With all the discussion around Google Analytics 4 (GA4) over the last year, and the impending July 1, 2023 deadline, school marketers may be starting to panic, but don’t.
Here’s what you need to know to ensure your school has a plan to tackle this major analytics change.
1. Set-up GA4 for Your School
First, it's important to note that Universal Analytics will stop recording July 1, 2023. At this point, the only Analytics Property that will record website activity is Google Analytics 4. This means schools must ensure they set up the GA4 property within their existing Google Analytics account. For more information on GA4, check out these Enroll Media blogs from 2020 and 2022. If your school has not yet set up GA4, use these instructions from Google.
2. Install GA4 on Your Website
Once you create your GA4 property, you must deploy your Data Stream’s Measurement ID on your entire website to ensure it tracks the data. Here is some information on Google Tag Manager (GTM) and why Enroll Media Group (as well as Google!) recommends using GTM to install GA4, and any other marketing tags from platforms like Facebook, Google Ads, Microsoft, LinkedIn, etc.
3. Configure Your GA4 Settings
There are several recommended settings, connections, and configurations you will want to get going on right away. From data retention to internal IP addresses, here is a detailed list of recommended GA4 settings and some basic setup information to get you started. Google also has a great setup guide within the GA interface you can follow for help.
3. Set Up Custom Events & Conversions
Next, you will want to work collectively with admissions, marketing, and communications to establish a list of goals for your school’s website. This includes determining desired actions you want users to take on your site. Some actions (like clicks, downloads, and more) will already be recorded through enhanced events in GA4, but others you will need to set up. Playing an admissions video, filling out an event registration form, or donating to the school, are examples of custom events you must set up, name, debug, and track independently from the standard events.
Once you establish your goals and set them up with Google Tag Manager or GA4, you should then mark them as ‘conversions’ in the events settings section of GA4. This will allow these events to show up as conversions in your analytics report, and they can be easily linked to your Google Ads account, which makes reporting more valuable for school marketers.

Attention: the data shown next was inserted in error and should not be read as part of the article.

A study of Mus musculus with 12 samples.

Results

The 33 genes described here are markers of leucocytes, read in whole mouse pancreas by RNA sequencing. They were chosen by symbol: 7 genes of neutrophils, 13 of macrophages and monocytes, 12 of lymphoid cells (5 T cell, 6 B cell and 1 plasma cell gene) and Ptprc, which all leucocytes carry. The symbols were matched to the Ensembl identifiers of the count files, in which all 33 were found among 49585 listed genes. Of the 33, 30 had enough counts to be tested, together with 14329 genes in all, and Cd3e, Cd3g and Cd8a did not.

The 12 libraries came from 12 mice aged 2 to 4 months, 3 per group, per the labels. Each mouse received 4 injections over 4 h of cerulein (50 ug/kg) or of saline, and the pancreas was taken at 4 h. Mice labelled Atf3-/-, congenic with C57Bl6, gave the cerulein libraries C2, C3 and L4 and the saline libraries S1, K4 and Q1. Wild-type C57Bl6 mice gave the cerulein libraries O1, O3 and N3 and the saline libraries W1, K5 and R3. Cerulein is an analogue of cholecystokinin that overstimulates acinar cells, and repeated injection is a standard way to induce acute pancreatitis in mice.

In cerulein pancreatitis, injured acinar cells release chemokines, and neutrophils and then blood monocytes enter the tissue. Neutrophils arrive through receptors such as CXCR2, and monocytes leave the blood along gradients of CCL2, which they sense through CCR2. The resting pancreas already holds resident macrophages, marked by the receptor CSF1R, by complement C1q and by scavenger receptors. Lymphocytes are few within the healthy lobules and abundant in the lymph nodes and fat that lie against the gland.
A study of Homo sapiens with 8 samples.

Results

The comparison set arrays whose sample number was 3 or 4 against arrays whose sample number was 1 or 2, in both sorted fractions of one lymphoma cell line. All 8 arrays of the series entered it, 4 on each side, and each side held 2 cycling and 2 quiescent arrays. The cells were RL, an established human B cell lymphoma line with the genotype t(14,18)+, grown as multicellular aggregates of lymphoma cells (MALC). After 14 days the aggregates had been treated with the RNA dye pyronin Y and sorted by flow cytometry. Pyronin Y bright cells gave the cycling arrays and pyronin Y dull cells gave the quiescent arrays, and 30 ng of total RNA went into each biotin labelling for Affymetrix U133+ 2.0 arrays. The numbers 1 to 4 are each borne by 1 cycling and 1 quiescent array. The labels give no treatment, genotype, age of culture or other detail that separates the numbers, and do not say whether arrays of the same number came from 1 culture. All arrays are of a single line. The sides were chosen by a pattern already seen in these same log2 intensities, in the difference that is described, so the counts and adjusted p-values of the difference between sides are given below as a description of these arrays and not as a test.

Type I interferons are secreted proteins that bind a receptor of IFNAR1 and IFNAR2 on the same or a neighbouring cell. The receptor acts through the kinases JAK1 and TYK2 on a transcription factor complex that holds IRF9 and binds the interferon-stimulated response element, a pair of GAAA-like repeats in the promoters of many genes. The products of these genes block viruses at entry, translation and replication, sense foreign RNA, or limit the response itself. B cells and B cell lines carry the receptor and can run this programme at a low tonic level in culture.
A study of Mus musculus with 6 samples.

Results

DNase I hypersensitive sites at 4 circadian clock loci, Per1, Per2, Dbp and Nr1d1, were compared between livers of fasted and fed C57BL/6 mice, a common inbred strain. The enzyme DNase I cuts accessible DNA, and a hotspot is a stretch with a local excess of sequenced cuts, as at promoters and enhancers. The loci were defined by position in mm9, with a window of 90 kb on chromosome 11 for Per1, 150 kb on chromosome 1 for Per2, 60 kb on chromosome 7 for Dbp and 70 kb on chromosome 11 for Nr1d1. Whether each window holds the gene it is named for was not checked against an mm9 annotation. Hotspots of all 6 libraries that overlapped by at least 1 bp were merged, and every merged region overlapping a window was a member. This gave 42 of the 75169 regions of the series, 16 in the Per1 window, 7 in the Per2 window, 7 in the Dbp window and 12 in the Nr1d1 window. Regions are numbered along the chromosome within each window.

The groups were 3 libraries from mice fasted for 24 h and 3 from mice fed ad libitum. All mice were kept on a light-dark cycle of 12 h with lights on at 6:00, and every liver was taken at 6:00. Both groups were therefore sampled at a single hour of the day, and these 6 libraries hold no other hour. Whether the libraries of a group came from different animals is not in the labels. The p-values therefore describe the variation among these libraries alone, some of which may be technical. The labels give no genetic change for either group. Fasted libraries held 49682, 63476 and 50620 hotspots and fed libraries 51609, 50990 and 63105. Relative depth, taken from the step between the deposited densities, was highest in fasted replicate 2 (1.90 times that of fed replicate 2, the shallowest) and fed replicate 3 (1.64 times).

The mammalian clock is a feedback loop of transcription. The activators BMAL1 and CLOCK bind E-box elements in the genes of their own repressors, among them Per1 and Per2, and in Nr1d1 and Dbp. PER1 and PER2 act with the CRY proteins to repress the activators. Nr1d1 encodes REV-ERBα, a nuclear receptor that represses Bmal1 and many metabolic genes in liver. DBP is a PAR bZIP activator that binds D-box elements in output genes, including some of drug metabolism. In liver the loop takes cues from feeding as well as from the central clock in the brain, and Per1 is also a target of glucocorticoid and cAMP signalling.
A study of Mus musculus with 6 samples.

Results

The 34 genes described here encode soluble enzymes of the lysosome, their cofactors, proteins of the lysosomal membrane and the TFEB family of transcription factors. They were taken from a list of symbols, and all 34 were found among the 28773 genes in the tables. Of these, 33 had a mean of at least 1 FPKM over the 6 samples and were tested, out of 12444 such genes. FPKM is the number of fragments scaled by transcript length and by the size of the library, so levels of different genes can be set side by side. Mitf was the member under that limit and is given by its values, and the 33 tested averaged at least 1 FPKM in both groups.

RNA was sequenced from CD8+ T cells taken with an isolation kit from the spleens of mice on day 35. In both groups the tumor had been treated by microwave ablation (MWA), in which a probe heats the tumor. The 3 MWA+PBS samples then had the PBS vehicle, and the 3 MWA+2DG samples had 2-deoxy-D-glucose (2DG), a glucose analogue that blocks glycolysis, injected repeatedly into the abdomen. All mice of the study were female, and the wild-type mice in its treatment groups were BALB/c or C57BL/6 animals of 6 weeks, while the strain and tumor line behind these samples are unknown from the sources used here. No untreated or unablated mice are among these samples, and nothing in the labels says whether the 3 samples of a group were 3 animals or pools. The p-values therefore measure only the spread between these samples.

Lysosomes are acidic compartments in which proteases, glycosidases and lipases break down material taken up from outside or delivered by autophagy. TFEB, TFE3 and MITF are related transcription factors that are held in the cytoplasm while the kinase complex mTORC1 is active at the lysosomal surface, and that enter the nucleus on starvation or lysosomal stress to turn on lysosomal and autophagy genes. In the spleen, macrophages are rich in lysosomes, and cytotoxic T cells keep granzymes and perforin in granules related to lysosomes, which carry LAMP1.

4. Analyze Your School’s GA4 Data & Reports
Once GA4 data is tracking and all of your custom events, settings, and configurations are in place, you can start pulling meaningful reports for your school’s marketing needs. Some favorites include viewing internal search results, sources of traffic (especially referrals and paid campaigns), and page path exploration and demographics. This can be overwhelming at first, but it’s made easier when you have goals laid out for your website. From there, you can lean on this important website data to inform your marketing investments and your website design and user experience.
5. Backup Your School's UA Data
Last but not least, schools need to decide which data from Universal Analytics (UA) to back up. While the data in UA will stop recording in July 2023, you have an additional year to back it up (July 2024). Export the data that your school uses most regularly. As a place to start, we recommend backing up your basic channels, sources, and mediums of traffic, as well as the geographies and top pages reports with the associated metrics. Simply store them in a Google Sheet and ensure the right folks in marketing, communications, and admissions all have access.
For help knowing what reports are most helpful for school marketers, or for assistance setting up GA4, reach out to Enroll Media Group. We work with over 75 schools across the US and Europe on paid digital advertising, inbound marketing, and analytics support to help them reach their enrollment goals.
For a limited time, we’re offering a mini GA4 Set Up service for schools - check it out here.